Battery-powered mining trucks to see test run in Lewis County
The site of the last coal-fired power plant in Washington state will soon be home to proving grounds for a carbon-emissions free mining truck.
The truck is a battery and hydrogen fuel cell powered vehicle, developed by Seattle-based First Mode, and it’s the largest emissions-free vehicle in the world. Chris Voorhees, co-founder and chief product and technology officer at First Mode, said they’ve developed the technology to focus on decarbonizing the industry that provides the products that fuel our daily lives. Unlike other clean-tech engineering focused on consumer-end products like electric vehicles and solar panels, Voorhees said First Mode is looking at the opposite end of the supply chain.
“The source is mining and metals, the source of most of the products we use on a daily basis that drive the economy and the society in which we live. They come from some hole in the ground somewhere around the world,” Voorhees said. “It’s a source of an enormous amount of greenhouse gas emissions and utilization of diesel fuel.”
A big source of those emissions from mining is haulage; the enormous vehicles that move mined products around. These trucks require around 5,000 liters of diesel fuel on a daily basis and use two to three megawatts of power, Voorhees said.
First Mode has developed the technology to get these trucks to be carbon-emissions free.
“What we do is we take that diesel generator at the heart of the vehicle, we take it out, and replace it with a combination of battery and hydrogen fuel cell technologies. That takes the power plant that exists and replaces it with one that has a zero tailpipe emissions and allows the system to run off of a green source of energy,” Voorhees said.
It’s hard to demonstrate and test these vehicles in a dense place like Seattle, so First Mode has been testing the technology at a site in South Africa. But the new proving grounds will be in the company’s Washington.
To test out the battery and hydrogen fuel cell mining trucks, Voorhees said First Mode plans to use an old coal mine site in Centralia that is owned and operated by TransAlta. That site is currently undergoing reclamation and is scheduled to be decommissioned in 2025.
“What better place to demonstrate how we are ready to actually transition some of these diesel-heavy and grease grid emissions-heavy industries into something new than a site that’s already undergoing reclamation? And is really just next door, from my perspective,” Voorhees said.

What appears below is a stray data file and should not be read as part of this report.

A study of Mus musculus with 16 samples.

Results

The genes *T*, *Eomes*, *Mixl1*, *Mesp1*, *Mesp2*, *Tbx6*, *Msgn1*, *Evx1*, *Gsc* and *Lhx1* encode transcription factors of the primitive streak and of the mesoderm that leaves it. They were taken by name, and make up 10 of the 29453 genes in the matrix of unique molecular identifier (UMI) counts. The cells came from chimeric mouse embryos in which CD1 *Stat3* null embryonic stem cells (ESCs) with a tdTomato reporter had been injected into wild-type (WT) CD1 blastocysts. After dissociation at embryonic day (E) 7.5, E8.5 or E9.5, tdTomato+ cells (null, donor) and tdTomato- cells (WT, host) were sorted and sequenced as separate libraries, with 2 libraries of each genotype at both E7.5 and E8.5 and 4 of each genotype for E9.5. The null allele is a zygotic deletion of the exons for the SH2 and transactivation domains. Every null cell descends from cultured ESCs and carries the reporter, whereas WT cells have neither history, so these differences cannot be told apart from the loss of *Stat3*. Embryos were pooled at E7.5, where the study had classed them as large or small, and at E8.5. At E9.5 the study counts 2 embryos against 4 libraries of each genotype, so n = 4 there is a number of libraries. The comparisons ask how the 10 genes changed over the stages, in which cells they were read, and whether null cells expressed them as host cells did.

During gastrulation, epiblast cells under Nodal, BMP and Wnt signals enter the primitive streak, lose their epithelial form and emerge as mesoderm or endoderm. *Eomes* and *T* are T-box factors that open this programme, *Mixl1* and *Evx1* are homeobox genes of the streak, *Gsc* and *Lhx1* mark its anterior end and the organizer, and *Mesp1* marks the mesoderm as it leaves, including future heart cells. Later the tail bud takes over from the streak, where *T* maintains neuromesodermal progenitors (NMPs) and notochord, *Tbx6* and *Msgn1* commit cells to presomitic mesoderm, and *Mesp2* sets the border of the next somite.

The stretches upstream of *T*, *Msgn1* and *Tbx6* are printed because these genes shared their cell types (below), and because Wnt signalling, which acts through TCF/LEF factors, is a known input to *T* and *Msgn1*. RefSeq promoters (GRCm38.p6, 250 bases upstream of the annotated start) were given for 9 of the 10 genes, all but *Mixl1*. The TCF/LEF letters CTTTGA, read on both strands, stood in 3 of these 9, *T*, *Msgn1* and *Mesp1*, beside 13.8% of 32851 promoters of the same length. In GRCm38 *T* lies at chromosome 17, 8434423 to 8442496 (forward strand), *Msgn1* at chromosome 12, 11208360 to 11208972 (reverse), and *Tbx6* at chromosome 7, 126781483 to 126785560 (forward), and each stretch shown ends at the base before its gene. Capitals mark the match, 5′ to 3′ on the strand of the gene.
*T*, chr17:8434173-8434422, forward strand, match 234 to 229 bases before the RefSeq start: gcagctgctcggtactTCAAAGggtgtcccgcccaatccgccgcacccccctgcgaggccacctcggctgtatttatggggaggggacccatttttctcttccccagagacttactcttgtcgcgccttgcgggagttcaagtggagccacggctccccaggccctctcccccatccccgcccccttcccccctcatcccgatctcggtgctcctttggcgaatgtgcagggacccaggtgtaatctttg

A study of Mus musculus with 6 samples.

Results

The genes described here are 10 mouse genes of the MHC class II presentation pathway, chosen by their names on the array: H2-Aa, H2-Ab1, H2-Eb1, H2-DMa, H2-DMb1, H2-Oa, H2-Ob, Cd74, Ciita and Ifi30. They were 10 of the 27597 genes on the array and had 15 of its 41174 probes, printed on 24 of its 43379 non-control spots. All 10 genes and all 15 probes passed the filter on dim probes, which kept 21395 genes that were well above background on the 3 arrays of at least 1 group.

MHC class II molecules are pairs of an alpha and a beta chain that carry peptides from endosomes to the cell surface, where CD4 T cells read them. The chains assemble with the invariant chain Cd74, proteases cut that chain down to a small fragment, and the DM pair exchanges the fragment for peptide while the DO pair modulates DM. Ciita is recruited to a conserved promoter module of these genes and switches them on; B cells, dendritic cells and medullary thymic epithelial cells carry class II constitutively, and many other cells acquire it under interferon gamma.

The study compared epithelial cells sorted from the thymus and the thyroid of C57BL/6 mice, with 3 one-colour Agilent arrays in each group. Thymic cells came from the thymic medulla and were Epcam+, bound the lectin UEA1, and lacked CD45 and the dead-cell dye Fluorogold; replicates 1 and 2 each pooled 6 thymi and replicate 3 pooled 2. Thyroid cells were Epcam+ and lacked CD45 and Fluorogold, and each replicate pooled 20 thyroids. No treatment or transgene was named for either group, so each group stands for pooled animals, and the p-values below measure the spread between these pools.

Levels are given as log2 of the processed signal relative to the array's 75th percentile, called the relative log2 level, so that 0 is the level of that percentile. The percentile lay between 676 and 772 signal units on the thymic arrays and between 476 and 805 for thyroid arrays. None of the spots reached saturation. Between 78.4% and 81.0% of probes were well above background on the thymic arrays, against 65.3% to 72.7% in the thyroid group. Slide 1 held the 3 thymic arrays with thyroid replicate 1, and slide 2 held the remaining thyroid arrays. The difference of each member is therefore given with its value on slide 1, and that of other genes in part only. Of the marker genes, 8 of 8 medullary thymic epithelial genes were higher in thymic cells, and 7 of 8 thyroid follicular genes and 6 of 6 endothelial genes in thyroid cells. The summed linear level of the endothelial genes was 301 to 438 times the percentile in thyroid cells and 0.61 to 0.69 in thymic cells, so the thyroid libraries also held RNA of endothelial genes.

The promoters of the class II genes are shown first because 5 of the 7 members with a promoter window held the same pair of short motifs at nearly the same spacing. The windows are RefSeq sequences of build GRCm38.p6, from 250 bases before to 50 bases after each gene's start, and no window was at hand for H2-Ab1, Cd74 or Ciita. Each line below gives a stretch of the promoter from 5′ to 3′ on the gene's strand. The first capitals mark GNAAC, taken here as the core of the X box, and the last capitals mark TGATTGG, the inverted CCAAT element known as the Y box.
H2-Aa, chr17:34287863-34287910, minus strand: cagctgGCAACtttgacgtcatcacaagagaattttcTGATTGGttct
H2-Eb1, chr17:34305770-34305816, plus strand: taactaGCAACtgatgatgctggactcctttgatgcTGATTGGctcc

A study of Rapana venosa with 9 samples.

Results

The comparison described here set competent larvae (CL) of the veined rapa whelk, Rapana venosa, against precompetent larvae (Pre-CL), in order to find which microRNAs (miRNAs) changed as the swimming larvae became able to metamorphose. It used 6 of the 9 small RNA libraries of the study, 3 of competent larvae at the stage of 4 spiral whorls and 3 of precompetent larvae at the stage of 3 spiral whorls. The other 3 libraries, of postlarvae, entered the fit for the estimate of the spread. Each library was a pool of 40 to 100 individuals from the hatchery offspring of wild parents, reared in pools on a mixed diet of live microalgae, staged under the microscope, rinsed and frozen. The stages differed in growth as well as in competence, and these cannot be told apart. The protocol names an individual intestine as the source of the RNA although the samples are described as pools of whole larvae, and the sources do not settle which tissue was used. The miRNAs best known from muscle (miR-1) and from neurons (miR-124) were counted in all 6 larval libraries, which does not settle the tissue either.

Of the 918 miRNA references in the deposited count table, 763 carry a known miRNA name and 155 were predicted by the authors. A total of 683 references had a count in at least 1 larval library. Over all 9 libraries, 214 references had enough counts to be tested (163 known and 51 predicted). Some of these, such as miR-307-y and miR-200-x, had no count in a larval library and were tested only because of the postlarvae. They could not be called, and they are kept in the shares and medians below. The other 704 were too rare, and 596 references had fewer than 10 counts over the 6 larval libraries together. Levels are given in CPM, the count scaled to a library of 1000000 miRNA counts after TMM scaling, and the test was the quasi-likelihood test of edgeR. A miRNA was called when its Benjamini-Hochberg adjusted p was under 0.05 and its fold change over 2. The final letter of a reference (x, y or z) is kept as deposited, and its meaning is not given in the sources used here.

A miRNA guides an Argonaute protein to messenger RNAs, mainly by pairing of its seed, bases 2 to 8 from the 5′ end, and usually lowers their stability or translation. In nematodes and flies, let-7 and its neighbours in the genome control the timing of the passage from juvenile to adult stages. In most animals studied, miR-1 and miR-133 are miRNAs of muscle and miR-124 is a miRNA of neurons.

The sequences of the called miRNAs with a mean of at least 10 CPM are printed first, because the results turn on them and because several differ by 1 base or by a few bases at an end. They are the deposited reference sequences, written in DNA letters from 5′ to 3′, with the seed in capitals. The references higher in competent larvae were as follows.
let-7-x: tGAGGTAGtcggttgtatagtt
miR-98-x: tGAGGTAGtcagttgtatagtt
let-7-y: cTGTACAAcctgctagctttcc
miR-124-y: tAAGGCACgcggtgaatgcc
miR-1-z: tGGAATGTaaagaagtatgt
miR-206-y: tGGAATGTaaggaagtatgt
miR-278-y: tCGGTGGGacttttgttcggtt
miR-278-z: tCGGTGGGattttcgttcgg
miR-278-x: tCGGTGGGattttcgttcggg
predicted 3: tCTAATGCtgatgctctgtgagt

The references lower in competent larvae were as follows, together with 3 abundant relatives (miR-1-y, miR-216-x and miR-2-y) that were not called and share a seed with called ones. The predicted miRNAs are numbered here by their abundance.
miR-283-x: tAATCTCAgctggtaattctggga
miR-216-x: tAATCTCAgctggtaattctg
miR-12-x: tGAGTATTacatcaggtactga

Establishing and keeping manufacturing of clean-tech in the state of Washington is important for Washington’s carbon goals, hydrogen innovation expansion, and the state’s economy, said Brian Young, clean technology sector lead for the Washington State Department of Commerce.
“For us it was a big win in that they’re keeping more and more of their manufacturing in Washington state, starting to demonstrate and provide a test ground for these kinds of the future of electrified transportation, heavy transportation,” Young said.
First Mode received a $250,000 grant from the state economic development strategic reserve fund to establish the proving grounds.
Young said innovation economy is a key area for the Department of Commerce, and growing the clean technology industry is a part of that.
“We really see the opportunity to grow Washington as a place focused on the research, development and demonstrations of this new technology, especially in heavy transportation,” Young said.
First Mode plans for the first trucks to roll onto the site this spring. The company has a contract with Anglo American to decarbonize seven of its sites. That would include a total of 400 vehicles, the first of which is scheduled to be deployed in 2025.